Robertson's Word Pictures in the NT - Greek NT


vers 1.
Hallelujah (allhlouia). Hebrew. Praise ye the Lord. Only in Revelation and in this chapter. Fifteen of the Psalms either begin or end with this word. The Jewish anthem of praise (Psalm 104-109), sung chiefly at the feasts of the Passover and of Tabernacles, derived its title of the Great Hallel from the frequent use of that phrase.

Honor. Omit. On the doxologies in Revelation, see on ch. i. 6.

vers 2.
True (alhqinai). See on John i. 9.

Did corrupt (efqeiren). The imperfect tense denoting habit. Avenged (exedikhsen). Exacted vengeance from (ex).

At her hand (ek). Lit., "from her hand." See on ch. ii. 7; xviii. 20.

vers 3.
Her smoke, etc. Compare Isa. xxxiv. 10.

vers 5.
All ye His servants - small and great. Compare Psalm cxiv. 13; cxxxiv. 1.

vers 7.
The marriage of the Lamb. For the figure, compare Isa. liv. 1-8; Ezek. xvi. 7-14; Hos. ii. 19; Matt. ix. 15; John iii. 29; Eph. v. 25.

vers 8.
Fine linen (bussinon). See on Luke xvi. 19. The four vestments of the ordinary Jewish priest were made of linen or byssus. Their symbolic meaning depended in part on the whiteness and luster of their substance (kaqaron kai lampron pure and bright).

Righteousness (dikaiwmata). More strictly, as Rev. righteous acts.

vers 10.
See thou do it not (ora mh). See not (to do it).

The testimony of Jesus (h marturia tou Ihsou). Some explain as the testimony which proceeds from Jesus. Jesus, by imparting this testimony to believers imparts to them the spirit of prophecy. Others, the witness which is born to Jesus. The way of bearing this witness, the substance and essence of this testimony is the Spirit of prophecy.

vers 11.
A white horse. Compare ch. vi. 2.

vers 12.
Crowns (diadhmata). See on 1 Pet. v. 4; Jas. i. 12.

vers 13.
Dipped (bebammenon). The readings differ; some giving rJerantismenon sprinkled, others perirerammenon sprinkled round. Rev., sprinkled. Compare Isa. lxiii. 2, 3.

The Word of God (o Logov tou Qeou). This name for our Lord is found in the New Testament only in the writings of John. It is one of the links which connects Revelation with John's other writings. Compare John i. 1-14; 1 John i. 1. Some object to this on the ground that, in the Gospel of John, the term is used absolutely, the Word, whereas here it is qualified, the Word of God, which the Evangelist nowhere employs, and in 1 John i. 1, the Word of life. But, as Alford observes: "It may be left to any fair-judging reader to decide whether it be not a far greater argument for identity that the remarkable designation oJ Logov the Word is used, than for diversity, that, on the solemn occasion described in the Apocalypse, the hitherto unheard adjunct of God is added." The idea of God which is represented here, underlies the absolute term the Word in John i. 1. It is further urged that in the Gospel oJ Logov is applied to the prehistoric Christ, while in this passage it is applied to the historic Christ. But the Dame of the historic Christ is that referred to in ver. 12, not in ver. 13. It is the name "which no one knoweth but He Himself," expressing the character of His whole redeeming work. The name in ver. 13 is that which belongs originally and essentially to Him.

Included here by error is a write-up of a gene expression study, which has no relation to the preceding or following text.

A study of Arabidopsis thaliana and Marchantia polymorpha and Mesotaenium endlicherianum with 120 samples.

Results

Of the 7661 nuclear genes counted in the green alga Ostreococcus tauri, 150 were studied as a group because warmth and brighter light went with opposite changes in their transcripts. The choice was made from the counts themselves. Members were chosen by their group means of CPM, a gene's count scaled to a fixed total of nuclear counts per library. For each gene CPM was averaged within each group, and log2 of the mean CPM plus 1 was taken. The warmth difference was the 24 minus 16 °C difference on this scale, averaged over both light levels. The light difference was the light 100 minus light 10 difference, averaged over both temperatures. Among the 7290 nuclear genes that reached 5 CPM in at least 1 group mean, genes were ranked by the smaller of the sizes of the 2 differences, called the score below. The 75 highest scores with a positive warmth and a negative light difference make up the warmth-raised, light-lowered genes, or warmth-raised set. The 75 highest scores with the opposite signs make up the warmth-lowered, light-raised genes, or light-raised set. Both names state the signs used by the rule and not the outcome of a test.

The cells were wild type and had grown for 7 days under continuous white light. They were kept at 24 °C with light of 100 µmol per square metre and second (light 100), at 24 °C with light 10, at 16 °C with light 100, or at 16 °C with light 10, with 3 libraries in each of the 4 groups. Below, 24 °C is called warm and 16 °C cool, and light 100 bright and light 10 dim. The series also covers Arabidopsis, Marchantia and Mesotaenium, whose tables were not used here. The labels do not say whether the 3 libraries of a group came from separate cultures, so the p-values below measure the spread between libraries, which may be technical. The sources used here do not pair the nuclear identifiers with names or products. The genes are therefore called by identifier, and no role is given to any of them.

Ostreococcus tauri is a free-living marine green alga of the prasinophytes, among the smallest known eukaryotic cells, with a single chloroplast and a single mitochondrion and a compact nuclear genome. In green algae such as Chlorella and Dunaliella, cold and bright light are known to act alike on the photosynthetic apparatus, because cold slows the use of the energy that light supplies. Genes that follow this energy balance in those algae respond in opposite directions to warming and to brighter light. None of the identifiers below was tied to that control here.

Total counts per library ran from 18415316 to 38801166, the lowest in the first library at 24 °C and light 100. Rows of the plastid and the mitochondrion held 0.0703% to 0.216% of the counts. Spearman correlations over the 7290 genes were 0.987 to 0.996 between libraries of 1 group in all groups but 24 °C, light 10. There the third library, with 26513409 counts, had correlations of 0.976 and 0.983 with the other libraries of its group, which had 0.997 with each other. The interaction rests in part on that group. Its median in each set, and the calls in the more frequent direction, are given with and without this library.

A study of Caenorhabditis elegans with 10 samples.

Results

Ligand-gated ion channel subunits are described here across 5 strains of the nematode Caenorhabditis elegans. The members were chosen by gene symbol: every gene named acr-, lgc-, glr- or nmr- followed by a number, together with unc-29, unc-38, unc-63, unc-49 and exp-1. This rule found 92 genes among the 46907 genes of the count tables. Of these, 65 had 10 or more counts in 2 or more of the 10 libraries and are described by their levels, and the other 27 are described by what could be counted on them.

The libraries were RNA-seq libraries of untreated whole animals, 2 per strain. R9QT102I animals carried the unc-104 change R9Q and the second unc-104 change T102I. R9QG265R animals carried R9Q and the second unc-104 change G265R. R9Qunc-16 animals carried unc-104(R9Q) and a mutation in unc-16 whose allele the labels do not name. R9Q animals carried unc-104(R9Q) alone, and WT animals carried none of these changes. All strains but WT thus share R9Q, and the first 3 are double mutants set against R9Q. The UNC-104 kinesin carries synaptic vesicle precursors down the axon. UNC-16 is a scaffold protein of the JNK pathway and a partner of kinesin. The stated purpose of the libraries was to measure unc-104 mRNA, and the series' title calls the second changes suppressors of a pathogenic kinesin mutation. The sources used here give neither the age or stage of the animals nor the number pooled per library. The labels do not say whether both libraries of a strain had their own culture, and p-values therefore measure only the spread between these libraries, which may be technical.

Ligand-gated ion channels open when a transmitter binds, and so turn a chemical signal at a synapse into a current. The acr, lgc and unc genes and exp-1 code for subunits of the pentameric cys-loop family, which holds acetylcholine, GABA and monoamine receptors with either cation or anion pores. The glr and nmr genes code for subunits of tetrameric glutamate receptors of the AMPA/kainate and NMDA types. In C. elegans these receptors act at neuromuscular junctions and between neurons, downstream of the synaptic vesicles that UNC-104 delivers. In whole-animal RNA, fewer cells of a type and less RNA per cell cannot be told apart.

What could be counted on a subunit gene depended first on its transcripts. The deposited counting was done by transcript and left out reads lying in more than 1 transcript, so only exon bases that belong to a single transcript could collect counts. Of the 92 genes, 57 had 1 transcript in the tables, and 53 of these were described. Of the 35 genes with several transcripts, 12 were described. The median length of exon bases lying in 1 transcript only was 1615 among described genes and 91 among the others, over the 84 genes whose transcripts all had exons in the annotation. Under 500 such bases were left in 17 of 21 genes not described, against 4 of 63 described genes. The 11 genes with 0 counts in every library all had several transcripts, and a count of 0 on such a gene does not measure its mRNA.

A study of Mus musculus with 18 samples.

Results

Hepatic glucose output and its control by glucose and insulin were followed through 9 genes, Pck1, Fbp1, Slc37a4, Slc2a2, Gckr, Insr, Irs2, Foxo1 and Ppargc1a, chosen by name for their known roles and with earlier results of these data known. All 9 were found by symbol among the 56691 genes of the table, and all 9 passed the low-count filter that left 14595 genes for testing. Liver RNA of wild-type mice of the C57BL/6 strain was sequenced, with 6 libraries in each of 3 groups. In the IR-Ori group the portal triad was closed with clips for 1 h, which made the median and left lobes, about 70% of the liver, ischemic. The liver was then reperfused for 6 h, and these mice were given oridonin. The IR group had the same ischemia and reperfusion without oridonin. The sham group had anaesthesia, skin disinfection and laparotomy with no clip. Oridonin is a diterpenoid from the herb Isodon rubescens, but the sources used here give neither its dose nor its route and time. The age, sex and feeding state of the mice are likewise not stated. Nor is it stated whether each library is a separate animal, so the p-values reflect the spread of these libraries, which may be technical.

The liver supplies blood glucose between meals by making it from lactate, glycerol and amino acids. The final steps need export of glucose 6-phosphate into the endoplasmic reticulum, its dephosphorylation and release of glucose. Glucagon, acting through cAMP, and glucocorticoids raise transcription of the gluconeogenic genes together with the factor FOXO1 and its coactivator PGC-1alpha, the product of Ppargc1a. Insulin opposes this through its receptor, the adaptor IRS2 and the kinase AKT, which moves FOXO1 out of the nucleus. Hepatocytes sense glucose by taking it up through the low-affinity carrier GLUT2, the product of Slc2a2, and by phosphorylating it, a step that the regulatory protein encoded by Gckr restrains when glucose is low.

vers 14.
Followed (hkolouqei). Note the imperfect tense denoting progression, and thus describing the advancing movement of the host.

vers 15.
Sword. See on ch. i. 16.

Smite (patassh). See on ch. xi. 6.

Shall rule (poimanei). See on ch. ii. 27.

Wine-press. See on ch. xiv. 19.

Of the fierceness and wrath ( tou qumou kai thv orghv). Omit and, and render, as Rev., the fierceness of the wrath. See on John iii. 36. Of Almighty God ( tou qeou tou pantokratorov). Lit., of God the all-ruler. See on ch. i. 8.

vers 16.
On His thigh. Some explain, on the garment where it covers the thigh to which the sword is bound. Compare Psalm xlv. 3. Others, partly on the vesture, partly on the thigh itself, where, in an equestrian figure, the robe drops from the thigh. According to the former explanation kai and is to be taken as explanatory or definitive of the words on His vesture. Others again suppose a sword on the hilt of which the name is inscribed. Expositors refer to the custom of engraving the artist's name on the thigh of a statue. Thus Cicero says: "A most beautiful statue of Apollo, on the thigh of which the name of Myron had been graven in tiny letters of silver" ("Against Verres," iv., 43). Herodotus describes a figure of Sesostris, bearing across the breast from shoulder to shoulder the inscription written in the sacred character of Egypt: "With my own shoulders I conquered this land" (ii., 106). Rawlinson says that Assyrian figures are found with arrow-headed inscriptions engraved across them, and over the drapery as well as the body.

vers 17.
An angel (ena aggelon). Lit., "one angel." Fowls (orneoiv). See on ch. xviii. 2. Rev., birds.

Midst of heaven. See on ch. viii. 13.

Gather yourselves together (sunagesqe). The best texts read sunacqhte be gathered together, as Rev. Compare Ezek. xxxix. 17 sqq. The supper of the great God (to deipnon tou megalou Qeou). Read to mega tou for tou megalou, and render the great supper of God.

vers 18.
Captains (ciliarcwn). See on Mark vi. 21; Luke vii. 2.

vers 20.
Was taken (epiasqh). See on Acts iii. 7.

Mark. See on ch. xiii. 16.

Lake (limnhn). See on Luke v. 1.

Brimstone. See on ch. xiv. 10.

vers 21.
Were filled (ecortasqhsan). See on Matt. v. 6.